Editorial: The Business Unions Can Not Be Reformed

from LLR 22

Shortly before we went to press Teamsters president Ron Carey stepped down amidst a growing scandal about his administration’s embezzlement of union funds to finance his re-election campaign. Carey was elected atop a reform slate heavily backed by Teamsters for a Democratic Union, which waged a long struggle to rid the Teamsters of mob control and undemocratic rule by a handful of bureaucrats who lived lavishly off the Teamsters treasuries. The Carey-TDU slate took charge of the union with the backing and under the aegis of U.S. government-appointed trustees; today the government has withdrawn its sponsorship and a government-appointed former FBI agent once again has full control over union finances. (We discussed at some length Carey’s at-best mixed record as a labor reformer in LLR #20, and critiqued TDU’s strategy and limitations in #15.)

No worker should feel the slightest sympathy for Ron Carey and his cronies. Carey is a life-long union bureaucrat who has not hesitated to use his bureaucratic power to stifle dissidents and to centralize power into his own hands. Where mobster-run locals backed Carey’s administration, he proved more than willing to turn a blind eye to their assaults upon not only the rights but also the bodies of their members. And when he found himself falling behind in his re-election campaign against the Jr. Hoffa forces (Hoffa was lavishly funded by the corrupt local piecards hiding behind his name, and much of his money was almost certainly stolen from union coffers as well), he did not hesitate to raid the Teamsters treasury of what authorities report was at least $735,000 – laundered through a variety of labor and “progressive” organizations en route to Carey’s re-election campaign (though much of the money appears to have been skimmed off in the process).

The scandal continues to spread. Citizens Action has had to close its national office, and the head of the “progressive” telemarketer Share has stepped aside and may yet be moving to a federal jail cell. AFL-CIO President John Sweeney is so far rejecting pressure to dismiss AFL Secretary-Treasurer Rich Trumka (the darling of the labor reform set); $150,000 of Teamsters members’ dues reportedly passed through Trumka’s hands as part of the scheme.

Carey has been barred from running for re-election, and forced to step down from his post. He may yet be expelled from Teamsters membership by a government-controlled review board and/or prosecuted for embezzlement of union funds. The Teamsters “reform” forces are in disarray, desperately searching for some other union bureaucrat who might stand a chance against Jr. Hoffa in next year’s election (though reformers are asking the government to ban Hoffa from standing for office as well). Indeed, the “reformers” don’t seem to recognize what has hit them. Shortly after the scandal broke, but before Carey was disqualified, TDU cochair Mike Ruscigno told Labor Notes, “This is our chance to drive a stake through the heart of the old guard.” And the bankruptcy of the “labor reformer’s” strategy of trying to revitalize and reform the unions by capturing the top offices, relying on the government to lend a hand, is ever more clear.

Ironically, much of the labor “left” is supporting Carey. The once-Trotskyist Workers World Party had practically elevated Carey to the status of a class war prisoner, claiming that his removal is in retaliation for the Teamster’s “victory” in the United Parcel Service strike. (For a critique of the UPS settlement see the October 1997 Industrial Worker, their December issue had a detailed account of the Carey scandal and its causes.) The Association for Union Democracy, which long supported rank-and-file Teamsters in their battle against precisely this sort of abuse of power and looting of union funds, labelled Carey’s election “probably the most democratic in the recorded history of the labor movement.” (The IWW holds more democratic elections every year.) Even those who criticize the Carey campaign’s theft of union funds typically portray it as an aberration — a tragic and ironic episode in Carey’s quest to reform the Teamsters union ignoring the fact that this looting was possible only because rank-and-file Teamsters have little more control over “their” union than they did when it was a wholly owned subsidiary of the Mafia.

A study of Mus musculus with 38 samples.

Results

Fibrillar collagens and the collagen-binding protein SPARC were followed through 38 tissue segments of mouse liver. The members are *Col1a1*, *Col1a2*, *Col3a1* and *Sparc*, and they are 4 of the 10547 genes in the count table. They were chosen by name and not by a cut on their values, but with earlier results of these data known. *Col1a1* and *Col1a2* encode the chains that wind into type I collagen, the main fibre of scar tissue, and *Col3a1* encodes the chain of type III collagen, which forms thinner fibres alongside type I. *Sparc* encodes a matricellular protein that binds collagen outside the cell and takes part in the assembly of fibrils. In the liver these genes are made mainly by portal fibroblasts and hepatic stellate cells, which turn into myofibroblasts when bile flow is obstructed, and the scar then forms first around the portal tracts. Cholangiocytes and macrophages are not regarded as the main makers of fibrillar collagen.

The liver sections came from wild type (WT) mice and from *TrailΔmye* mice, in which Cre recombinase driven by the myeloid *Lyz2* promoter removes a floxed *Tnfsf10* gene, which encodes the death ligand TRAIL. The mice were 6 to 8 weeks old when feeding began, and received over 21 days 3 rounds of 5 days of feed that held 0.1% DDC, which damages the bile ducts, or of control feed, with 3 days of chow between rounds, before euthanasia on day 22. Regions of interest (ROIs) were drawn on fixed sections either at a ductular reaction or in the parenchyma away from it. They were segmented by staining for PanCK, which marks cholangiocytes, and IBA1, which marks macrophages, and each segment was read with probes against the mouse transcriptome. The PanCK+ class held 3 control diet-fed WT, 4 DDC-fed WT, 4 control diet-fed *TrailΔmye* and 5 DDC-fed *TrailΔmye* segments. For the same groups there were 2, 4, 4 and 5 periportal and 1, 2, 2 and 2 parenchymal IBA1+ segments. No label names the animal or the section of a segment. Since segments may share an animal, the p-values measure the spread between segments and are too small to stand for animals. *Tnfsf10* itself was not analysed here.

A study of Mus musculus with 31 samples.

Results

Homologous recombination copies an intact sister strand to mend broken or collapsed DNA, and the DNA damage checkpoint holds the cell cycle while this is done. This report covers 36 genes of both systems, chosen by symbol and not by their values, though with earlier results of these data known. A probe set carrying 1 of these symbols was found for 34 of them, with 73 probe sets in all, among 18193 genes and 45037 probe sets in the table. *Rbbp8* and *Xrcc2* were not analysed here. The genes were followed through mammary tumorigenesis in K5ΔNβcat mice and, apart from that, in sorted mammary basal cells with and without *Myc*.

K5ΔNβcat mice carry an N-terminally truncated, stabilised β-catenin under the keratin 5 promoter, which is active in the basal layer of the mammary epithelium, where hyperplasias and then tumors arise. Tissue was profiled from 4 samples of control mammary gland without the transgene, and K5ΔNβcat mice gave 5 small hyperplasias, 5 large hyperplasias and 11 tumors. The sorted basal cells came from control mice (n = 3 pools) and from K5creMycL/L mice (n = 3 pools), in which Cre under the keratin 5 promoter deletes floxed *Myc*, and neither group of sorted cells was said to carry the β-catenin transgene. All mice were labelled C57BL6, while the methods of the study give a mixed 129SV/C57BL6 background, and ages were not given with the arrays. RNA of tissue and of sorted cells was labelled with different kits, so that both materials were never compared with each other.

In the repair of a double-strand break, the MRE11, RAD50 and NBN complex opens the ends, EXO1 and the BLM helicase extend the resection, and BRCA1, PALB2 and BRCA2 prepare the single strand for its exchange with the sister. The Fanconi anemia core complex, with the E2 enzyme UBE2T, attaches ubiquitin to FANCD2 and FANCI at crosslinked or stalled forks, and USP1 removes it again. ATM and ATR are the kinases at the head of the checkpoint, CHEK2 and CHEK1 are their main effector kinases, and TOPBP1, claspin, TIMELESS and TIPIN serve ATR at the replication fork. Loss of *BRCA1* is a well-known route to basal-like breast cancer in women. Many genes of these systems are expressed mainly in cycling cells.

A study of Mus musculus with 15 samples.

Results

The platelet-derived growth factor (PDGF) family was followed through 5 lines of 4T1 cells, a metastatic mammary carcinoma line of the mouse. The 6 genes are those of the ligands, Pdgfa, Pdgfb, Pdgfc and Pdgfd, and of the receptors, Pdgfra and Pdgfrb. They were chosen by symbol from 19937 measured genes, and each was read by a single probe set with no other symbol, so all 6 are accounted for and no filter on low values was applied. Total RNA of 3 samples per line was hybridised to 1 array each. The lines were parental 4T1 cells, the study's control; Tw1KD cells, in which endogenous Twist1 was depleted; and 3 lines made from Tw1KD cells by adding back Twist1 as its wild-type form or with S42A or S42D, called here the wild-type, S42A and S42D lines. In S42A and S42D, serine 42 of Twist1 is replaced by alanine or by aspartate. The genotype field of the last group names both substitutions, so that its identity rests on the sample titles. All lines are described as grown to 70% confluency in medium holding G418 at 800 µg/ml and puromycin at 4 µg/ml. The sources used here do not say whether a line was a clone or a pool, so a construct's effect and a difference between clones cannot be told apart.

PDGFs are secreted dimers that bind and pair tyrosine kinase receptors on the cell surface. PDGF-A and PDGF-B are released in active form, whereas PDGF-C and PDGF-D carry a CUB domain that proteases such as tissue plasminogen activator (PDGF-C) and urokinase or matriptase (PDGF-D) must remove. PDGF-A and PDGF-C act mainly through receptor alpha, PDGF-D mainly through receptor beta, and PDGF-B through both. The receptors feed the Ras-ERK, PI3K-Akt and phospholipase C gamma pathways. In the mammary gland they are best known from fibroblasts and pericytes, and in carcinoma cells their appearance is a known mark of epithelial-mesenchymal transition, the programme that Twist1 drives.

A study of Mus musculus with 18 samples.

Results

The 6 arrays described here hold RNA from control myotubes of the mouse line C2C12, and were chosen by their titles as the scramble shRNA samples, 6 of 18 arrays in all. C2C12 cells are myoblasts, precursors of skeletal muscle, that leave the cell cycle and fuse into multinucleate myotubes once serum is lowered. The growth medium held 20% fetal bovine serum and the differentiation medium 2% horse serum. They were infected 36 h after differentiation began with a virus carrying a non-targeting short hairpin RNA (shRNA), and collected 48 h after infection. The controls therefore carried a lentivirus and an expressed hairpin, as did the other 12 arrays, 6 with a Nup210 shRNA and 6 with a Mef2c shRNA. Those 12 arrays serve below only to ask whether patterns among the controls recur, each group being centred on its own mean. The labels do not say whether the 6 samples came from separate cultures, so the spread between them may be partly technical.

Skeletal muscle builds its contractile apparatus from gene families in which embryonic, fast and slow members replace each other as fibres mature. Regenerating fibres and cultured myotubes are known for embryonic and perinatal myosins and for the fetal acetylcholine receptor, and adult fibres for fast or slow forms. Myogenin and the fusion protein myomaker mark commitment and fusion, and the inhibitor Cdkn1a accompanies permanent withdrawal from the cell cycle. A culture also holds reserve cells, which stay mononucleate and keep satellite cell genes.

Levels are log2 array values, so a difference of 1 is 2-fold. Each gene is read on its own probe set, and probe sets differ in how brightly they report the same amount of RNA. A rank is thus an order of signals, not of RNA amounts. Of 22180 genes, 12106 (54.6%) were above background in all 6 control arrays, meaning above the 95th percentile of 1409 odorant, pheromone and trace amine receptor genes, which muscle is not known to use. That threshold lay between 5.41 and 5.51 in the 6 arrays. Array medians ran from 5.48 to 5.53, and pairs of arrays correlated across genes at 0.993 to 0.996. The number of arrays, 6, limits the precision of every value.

Building a fighting labor movement can not be accomplished by capturing positions in the union bureaucracy. While it is much easier to gain union office than to build genuine working-class organizations, boring from within the business unions makes sense only if one assumes that there is nothing fundamentally wrong with them – that with a change of officers or a little tinkering with their bylaws, they could be transformed into effective working-class organizations.

Nothing could be further from the truth. Business unions are organized not to prosecute the class war, but rather to smooth over disputes. They are dues-collecting machines whose continuity and stability rely upon a passive membership. Anarcho-syndicalists recognize that no lasting gains can be wages within this framework – instead, what is needed is a fundamentally different unionism based upon the workers ourselves, organized at the point of production. Electing better bureaucrats accomplishes very little. We need to build rank-and-file organizations on the shop floor, relying on direct action and self-organization to improve our conditions, and to lay the groundwork for a fundamental transformation of our unions and our society.